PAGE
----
So last night I watched the movie Contact (1997).
Oh where do I start...
So the movie stars Jodie Foster, an astromer researching intelligent life on other planets. Using satellite dishes, she searches for radio signals in space. Everyone thinks she's out of her melon, until she finally gets a signal back.
01011001 01101111 01110101 00100000 01100001 01110010 01100101 00100000 01100001 00100000 01110110 01101001 01110010 01100111 01101001 01101110
Alright, that's not at all the signal she gets, hers was more of a THUMP THUMP THUMP, but if you can translate that binary code, you deserve what it says.
I was very excited to see that the co-star of the movie was Matthew Mcconaughey and that he was rocking a borderline mullet. I was not excited about the love story, unnecessarily intertwined throughout the plot. Come on, I'm a chick and even I was annoyed with it. Why do movies do that? And not only that, but the star of the movie is Jodie Foster. Witnessing Jodie Foster being intimate with another person really made me consider celibacy.
In her defense however, I learned through this movie that she does in fact possess the ability to look female.
After a brief screen appearance from Hitler, chaos ensues and the fanatics set up camp around the satellites. Enter creepy, albino, religious fanatic from Utah (because where else would he be from?):
Turns out, for being such a man of God, the guy's a real dick.
And now the task of dicphering the mathematical message that they receive from outer space. Luckily for them, Mr. Hadden saves the day. Despite Mr. Hadden's generosity in "Ellie"'s work, if I were her I would definitely look into a restraining order and possible stalking charges. Just sayin.
And another thing I didn't understand is if he's so smart, you would think he would know that the "Six Flags Guy" look is not flattering.
(I had planned to do a side by side of the two so you could see how much he really does look like him, but apparently the guy that decodes the message and saves the whole story isn't important enough to have a screen shot of him on google images. Guess you'll just have to watch the movie).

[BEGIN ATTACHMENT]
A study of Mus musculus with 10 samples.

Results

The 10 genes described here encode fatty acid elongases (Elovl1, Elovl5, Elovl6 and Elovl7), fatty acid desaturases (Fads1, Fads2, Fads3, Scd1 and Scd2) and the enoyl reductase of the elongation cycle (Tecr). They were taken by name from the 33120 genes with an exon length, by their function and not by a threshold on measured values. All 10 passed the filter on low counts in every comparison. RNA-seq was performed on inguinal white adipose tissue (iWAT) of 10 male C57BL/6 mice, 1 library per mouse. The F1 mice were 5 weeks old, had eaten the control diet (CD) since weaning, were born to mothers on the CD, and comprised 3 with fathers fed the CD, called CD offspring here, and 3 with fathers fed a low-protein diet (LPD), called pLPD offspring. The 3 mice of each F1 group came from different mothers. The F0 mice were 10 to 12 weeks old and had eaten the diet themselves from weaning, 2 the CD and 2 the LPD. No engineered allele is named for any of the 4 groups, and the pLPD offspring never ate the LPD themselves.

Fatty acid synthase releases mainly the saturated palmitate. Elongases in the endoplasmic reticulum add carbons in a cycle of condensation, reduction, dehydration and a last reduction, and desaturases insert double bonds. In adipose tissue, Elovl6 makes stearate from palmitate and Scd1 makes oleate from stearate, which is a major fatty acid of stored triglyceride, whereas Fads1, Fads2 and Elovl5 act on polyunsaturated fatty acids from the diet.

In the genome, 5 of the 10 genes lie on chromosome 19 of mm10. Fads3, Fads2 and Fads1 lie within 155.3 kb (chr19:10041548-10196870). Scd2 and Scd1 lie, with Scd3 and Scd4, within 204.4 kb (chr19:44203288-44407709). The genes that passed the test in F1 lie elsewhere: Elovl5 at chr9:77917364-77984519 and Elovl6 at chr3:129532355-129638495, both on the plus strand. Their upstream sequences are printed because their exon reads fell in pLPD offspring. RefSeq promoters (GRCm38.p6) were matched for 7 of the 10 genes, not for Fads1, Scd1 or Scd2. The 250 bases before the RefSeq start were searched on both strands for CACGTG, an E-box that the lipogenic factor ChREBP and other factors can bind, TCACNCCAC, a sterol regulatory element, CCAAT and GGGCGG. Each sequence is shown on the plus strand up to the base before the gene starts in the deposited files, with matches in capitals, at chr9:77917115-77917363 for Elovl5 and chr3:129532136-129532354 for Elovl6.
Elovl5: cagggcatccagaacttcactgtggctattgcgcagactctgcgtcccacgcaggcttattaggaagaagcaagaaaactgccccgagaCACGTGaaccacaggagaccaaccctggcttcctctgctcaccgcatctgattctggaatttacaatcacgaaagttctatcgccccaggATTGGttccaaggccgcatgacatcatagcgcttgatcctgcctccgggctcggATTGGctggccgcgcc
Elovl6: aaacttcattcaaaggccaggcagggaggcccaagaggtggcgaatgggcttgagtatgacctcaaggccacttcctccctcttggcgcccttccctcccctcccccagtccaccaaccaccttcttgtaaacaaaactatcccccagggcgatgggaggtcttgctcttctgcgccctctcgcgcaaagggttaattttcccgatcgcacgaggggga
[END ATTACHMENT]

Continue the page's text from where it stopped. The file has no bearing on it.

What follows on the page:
It all came together though, when I realized that the space travel machine that E.T. instructed them to make looked a lot like a carnival ride.
More flags, more fun!!
(I drew that picture myself)
At some point during the movie I wrote the Aurora blog and so I missed about ten minutes of plot, but let's be honest, I wouldn't have understood it anyway.
And then it happened. After a few scenes of science fiction genius... just as I was about to mark Contact in my top ten... it happened. An epic display of terrible plot twist. I will say that the movie did somewhat redeem itself as it went on, but I never did fully recover from my disappointment.
I have to say that even though I disapproved of the ending, I really liked this movie a lot. I like any movie that combines science and religion and defends alternative sciences. There is a great scene where Ellie is defending her research to a panel of snobby investors who call her work crazy and useless. She comes back at them that almost every major discovery in history was at one time thought a crazy idea. Although I am no expert in the field of paranormal studies, I have found myself defending the field many times to professors, scientists, even religious people, and pointing out to them that at one time everyone swore the Earth was flat.
Another thing I liked about the movie was their discussions of faith. Specifically, faith without proof. A quote that I liked was "Did you love your father? Prove it."
There were some undertones of cheese, but it was bearable. Ooh, but bad green screen alert for sure. It also took me the entire movie to realize that one of the main characters is blind. And the ending left me wondering..
I would have to give this movie three and a half stars. Three and a half stars connected by a wormhole of death and disfigurement.